Like many of Scotland's famous fire festivals, the Comrie Flambeaux is likely to be pagan in origin - when fire was used to warn away evil spirits of the old year - but no one in this Perthshire village is certain of when it first began. On New Year's Eve, eight or so lit torches, some nearly 10 ft in height, parades around the small village at midnight. The procession is accompanied by music, people in fancy dress and general merriment and celebration before the torches are thrown into the River Earn.
Whilst the origins of this ancient custom are lost in the mists of time, the tradition is maintained by local voluntary effort. Each Hogmanay as midnight is announced by the bells of Big Ben the flambeaux are lit. The torches, consisting of long thick birch poles with tarred rags tightly bound to the tops, are paraded around the village preceded by the pipe band and followed by a fancy dress parade.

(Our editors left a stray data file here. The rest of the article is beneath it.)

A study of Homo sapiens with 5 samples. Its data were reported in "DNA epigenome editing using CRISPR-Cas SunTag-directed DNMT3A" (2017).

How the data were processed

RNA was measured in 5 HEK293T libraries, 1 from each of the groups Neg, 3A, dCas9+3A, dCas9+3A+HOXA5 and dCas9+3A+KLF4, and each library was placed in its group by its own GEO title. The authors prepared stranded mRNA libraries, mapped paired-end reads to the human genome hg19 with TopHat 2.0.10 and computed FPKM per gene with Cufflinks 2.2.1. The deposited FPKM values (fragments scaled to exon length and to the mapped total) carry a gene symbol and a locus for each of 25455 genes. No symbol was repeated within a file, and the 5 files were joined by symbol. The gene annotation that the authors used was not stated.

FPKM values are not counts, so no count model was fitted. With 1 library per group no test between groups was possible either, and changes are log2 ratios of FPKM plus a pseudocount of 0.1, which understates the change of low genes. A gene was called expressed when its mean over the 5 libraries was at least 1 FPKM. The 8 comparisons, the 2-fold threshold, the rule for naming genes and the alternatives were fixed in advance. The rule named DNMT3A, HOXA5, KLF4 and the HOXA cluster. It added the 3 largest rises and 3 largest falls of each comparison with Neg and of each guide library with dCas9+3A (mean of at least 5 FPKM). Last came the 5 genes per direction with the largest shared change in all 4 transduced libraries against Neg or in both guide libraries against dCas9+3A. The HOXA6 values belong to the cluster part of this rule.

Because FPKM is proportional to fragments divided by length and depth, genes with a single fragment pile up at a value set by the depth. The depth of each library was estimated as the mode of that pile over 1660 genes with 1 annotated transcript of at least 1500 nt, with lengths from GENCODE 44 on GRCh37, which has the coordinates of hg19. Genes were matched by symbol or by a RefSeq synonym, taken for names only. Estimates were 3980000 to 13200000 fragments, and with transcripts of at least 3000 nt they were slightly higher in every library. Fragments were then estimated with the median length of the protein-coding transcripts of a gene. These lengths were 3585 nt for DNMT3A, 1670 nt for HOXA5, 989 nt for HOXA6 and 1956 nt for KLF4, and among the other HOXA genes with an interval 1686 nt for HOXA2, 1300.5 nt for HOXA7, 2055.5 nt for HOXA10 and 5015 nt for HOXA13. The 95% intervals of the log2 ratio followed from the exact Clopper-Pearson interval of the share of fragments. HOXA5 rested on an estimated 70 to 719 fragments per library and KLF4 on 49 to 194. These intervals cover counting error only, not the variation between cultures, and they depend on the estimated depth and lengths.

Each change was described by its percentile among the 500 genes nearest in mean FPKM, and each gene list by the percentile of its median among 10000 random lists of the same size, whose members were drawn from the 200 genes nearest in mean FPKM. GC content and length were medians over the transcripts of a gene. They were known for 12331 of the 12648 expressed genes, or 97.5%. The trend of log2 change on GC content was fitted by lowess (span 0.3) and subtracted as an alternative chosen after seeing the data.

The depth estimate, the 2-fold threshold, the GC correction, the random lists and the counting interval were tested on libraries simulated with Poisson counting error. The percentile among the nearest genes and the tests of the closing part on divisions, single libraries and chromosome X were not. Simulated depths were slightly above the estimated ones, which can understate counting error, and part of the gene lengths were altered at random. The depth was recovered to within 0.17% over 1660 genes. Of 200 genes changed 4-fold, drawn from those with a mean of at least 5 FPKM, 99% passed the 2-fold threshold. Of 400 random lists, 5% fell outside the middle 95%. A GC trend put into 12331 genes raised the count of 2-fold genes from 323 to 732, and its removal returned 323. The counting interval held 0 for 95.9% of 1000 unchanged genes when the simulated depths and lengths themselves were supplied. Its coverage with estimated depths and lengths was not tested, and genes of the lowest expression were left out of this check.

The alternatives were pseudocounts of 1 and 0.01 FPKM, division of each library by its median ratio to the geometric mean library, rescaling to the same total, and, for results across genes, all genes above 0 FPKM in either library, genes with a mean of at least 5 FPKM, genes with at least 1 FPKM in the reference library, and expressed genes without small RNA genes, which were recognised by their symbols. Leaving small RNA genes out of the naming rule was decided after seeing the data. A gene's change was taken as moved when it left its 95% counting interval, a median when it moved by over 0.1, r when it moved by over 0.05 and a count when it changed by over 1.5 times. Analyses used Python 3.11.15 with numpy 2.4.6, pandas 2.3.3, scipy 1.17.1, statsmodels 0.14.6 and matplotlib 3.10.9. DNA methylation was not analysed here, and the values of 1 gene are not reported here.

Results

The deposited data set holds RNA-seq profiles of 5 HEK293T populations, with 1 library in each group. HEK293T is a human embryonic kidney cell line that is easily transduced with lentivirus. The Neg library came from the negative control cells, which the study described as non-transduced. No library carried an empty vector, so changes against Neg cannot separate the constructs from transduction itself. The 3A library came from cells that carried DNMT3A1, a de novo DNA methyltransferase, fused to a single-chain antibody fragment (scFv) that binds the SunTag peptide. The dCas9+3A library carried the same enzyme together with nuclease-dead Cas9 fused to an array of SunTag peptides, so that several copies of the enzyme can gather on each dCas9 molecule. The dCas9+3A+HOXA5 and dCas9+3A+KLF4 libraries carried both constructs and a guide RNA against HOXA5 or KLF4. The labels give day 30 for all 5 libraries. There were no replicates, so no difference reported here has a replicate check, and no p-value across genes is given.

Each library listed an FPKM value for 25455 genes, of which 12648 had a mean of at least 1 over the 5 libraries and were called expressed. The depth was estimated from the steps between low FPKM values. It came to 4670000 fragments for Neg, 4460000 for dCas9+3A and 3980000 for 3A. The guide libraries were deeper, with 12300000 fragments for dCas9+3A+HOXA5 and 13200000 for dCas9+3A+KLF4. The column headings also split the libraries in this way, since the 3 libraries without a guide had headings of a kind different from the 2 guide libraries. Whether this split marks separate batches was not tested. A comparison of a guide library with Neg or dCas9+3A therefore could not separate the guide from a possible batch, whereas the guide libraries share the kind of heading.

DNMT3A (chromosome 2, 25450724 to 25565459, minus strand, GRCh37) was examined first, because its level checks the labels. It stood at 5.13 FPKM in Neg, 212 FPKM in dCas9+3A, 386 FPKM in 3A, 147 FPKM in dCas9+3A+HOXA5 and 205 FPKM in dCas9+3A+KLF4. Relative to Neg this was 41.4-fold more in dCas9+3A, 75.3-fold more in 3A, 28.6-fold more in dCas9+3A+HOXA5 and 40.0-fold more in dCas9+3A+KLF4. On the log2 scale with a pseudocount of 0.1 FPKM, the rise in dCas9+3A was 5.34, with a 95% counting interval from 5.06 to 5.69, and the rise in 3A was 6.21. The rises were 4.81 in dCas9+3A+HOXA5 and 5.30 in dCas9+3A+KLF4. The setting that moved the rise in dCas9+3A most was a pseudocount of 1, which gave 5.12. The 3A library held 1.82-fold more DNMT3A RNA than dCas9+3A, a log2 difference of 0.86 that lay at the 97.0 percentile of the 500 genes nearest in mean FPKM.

Once the procession returns to Melville Square prizes are presented and the torches are cast over the Dalginross Bridge into the waters of the River Earn. This is supposed to signify the casting out of evil spirits.
Many of the villagers follow this on with the custom of ‘First Footing’ which usually involves a different type of spirit entirely!
6.30 Children’s Fancy Dress Parade
7.30 Fireworks at the Boulevard
12.00 Flambeaux Parade
If you are staying here in one of our self-catering holiday cottages over the Hogmanay period why not go along to Comrie to experience first hand the New Year celebrations.